After sending a formal request to EU Council President Donald Tusk ahead of a summit in Brussels on Thursday, Mrs May told MPs: "As Prime Minister, I am not prepared to delay Brexit any further than June 30."
Asked if that meant she would quit rather than accept a longer extension to Article 50, a Downing Street spokesman said: "You should infer from those words the strength of the prime minister's resolve.”
But with some EU leaders believed to be against any extension, and Brussels opposed to granting a delay without a clear purpose, Mrs May’s letter has also raised renewed fears about the possibility of a no-deal Brexit, as early as the scheduled exit day at the end of next week.
Brussels has made clear that any extension of the Article 50 negotiation process beyond June would require the UK to take part in elections to the European Parliament in May - something which Mrs May said was in the interests neither of Britain or the EU.
She told MPs at Prime Minister's Questions: "The idea that three years after voting to leave the EU, the people of this country should be asked to elect a new set of MEPs is, I believe, unacceptable.
"It would be a failure to deliver on the referendum decision this House said it would deliver."
European Commission president Jean-Claude Juncker said an extension is unlikely to be agreed in Brussels tomorrow, warning there will "probably" have to be another summit next week if Mrs May is unable to show she has the support of Parliament for her deal.
He told German radio that a short extension would give the UK Parliament time to agree to the existing Withdrawal Agreement text, but insisted there would be "no more negotiations".
"If that doesn't happen, and if Great Britain does not leave at the end of March, then we are, I am sorry to say, in the hands of God," said Mr Juncker. "And I think even God sometimes reaches a limit to his patience."
An unconfirmed report in French news magazine Le Point suggested that President Emmanuel Macron will argue against any postponement beyond March 29.
Only six days ago, Mrs May's effective deputy David Lidington warned that a short delay would be "downright reckless". And a motion tabled by the Government last week appeared to keep a longer extension of nine months to a year on the table.
But Mrs May - who spoke with Mr Juncker by phone before facing MPs - told the Commons: "The Government intends to bring forward proposals for a third meaningful vote.
"If that vote is passed, the extension will give the House time to consider the Withdrawal Agreement Bill. If not, the House will have to decide how to proceed.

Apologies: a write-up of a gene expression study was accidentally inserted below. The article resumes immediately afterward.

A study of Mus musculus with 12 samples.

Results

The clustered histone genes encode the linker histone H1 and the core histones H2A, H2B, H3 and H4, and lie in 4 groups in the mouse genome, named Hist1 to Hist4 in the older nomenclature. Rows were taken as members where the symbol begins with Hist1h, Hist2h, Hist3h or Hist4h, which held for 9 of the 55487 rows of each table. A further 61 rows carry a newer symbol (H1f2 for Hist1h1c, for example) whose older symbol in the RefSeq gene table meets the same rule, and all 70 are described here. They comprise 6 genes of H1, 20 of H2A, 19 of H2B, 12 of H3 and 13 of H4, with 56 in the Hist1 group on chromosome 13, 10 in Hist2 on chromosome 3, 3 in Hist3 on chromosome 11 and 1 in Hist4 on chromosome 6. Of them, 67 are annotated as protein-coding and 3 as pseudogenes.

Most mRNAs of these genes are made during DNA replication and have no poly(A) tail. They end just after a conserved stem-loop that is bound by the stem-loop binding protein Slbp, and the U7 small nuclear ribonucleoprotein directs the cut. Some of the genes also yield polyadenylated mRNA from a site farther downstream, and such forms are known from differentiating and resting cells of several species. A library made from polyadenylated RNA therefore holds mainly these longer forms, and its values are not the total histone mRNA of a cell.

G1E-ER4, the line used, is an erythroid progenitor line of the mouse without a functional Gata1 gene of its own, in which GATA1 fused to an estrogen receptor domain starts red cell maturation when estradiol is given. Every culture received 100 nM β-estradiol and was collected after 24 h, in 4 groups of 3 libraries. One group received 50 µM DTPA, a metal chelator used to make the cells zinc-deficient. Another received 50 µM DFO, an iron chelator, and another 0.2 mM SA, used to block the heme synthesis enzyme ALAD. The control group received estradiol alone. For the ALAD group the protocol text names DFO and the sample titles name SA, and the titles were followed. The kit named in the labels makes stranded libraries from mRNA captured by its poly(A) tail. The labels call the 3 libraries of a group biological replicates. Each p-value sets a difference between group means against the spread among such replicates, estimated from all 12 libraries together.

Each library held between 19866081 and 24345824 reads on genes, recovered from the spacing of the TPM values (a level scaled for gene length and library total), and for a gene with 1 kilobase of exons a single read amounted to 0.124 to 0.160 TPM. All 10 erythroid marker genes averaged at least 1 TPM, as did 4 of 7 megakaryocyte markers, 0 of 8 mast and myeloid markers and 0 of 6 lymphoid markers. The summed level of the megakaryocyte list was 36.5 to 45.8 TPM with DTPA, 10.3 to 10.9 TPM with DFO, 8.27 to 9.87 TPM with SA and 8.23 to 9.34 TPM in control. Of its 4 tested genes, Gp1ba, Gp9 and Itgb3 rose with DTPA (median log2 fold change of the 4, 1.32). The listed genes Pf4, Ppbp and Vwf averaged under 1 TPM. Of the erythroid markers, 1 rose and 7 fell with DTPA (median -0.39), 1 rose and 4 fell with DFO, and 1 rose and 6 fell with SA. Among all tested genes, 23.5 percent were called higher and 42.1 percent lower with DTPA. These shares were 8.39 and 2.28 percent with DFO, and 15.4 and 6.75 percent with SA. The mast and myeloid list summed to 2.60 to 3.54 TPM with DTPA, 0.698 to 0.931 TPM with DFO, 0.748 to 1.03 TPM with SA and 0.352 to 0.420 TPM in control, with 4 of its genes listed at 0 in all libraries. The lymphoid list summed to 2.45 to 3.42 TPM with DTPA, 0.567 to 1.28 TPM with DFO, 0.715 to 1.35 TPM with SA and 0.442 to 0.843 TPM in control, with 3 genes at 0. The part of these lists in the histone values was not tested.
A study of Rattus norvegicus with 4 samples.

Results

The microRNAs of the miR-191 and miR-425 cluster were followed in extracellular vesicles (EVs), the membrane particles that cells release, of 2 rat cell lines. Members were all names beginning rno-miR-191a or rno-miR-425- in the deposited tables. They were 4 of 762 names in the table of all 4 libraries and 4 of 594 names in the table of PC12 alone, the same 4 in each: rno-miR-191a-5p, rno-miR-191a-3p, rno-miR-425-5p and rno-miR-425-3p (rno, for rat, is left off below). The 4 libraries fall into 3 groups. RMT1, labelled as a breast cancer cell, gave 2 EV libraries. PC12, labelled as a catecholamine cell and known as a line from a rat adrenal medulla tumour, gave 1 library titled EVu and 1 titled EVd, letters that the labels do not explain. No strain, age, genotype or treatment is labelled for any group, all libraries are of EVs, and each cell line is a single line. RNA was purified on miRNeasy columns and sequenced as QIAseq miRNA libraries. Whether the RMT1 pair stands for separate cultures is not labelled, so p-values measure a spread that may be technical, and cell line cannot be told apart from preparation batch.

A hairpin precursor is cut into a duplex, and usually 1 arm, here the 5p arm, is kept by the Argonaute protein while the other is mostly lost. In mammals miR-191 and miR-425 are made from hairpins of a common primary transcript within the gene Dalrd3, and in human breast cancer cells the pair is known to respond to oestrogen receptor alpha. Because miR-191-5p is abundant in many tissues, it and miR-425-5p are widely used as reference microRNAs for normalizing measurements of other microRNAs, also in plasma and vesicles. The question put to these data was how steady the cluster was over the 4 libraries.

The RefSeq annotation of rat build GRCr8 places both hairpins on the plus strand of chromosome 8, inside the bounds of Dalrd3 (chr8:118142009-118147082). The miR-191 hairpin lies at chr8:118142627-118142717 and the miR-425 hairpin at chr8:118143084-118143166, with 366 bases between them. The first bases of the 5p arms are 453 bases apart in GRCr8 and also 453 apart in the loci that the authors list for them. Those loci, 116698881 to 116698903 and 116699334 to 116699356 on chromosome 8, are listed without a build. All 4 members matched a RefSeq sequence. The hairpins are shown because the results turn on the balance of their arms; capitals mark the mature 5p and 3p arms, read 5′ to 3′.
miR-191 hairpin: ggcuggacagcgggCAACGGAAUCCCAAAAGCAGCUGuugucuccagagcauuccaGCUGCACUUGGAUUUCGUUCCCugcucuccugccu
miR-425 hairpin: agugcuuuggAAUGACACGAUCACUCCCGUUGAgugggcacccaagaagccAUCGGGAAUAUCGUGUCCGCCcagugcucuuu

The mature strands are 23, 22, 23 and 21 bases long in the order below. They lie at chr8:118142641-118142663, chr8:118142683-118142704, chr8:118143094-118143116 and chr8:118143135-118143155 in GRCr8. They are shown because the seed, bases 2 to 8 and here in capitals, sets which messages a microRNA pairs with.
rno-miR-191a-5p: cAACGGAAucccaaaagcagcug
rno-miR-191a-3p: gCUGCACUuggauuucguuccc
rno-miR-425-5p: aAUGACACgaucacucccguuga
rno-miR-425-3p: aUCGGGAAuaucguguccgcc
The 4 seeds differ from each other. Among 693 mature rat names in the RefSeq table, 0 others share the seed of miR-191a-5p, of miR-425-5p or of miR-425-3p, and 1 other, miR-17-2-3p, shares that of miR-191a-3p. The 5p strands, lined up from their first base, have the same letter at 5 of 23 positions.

"But as Prime Minister, I am not prepared to delay Brexit any further than June 30."
If a delay is approved by EU leaders, Mrs May will rush legislation through both Houses of Parliament next week to remove the date March 29 from Brexit laws.
Under EU rules, participation in the European Parliament elections must be confirmed by April 11, creating a hard deadline beyond which a longer extension would become impossible.
SNP MP Pete Wishart told the Prime Minister she was “weak, weak, weak” for bowing to pressure from Brexiteers in her Cabinet and party by only asking for a short extension to Article 50.
And Labour leader Jeremy Corbyn accused Mrs May of "running down the clock" on Brexit.
He told the Commons: "This Government has led the country and themselves into crisis, chaos and division.
"We are still legally due to leave the European Union in nine days' time. Months of running down the clock and a concerted campaign of blackmail, bullying and bribery has failed to convince the House or the country that her deal is anything but a damaging national failure and should be rejected.
"If the Prime Minister cannot get changes to her deal, will she give the people a chance to reject the deal and change the government?"
Tory Brexiteer Peter Bone warned Mrs May she will be "betraying" the public if she continues to seek to delay Brexit.
In her letter to Mr Tusk, Mrs May said Commons Speaker John Bercow ruling on Monday that he would not allow the same motion to be brought again during this session of Parliament unless it was substantially changed made it "impossible" to hold a third meaningful vote ahead of Thursday's summit.
But she indicated she believes it is possible to satisfy the Speaker's requirements by ensuring the European Council formally approves legal assurances on the Irish border backstop agreed last week with Mr Juncker in Strasbourg.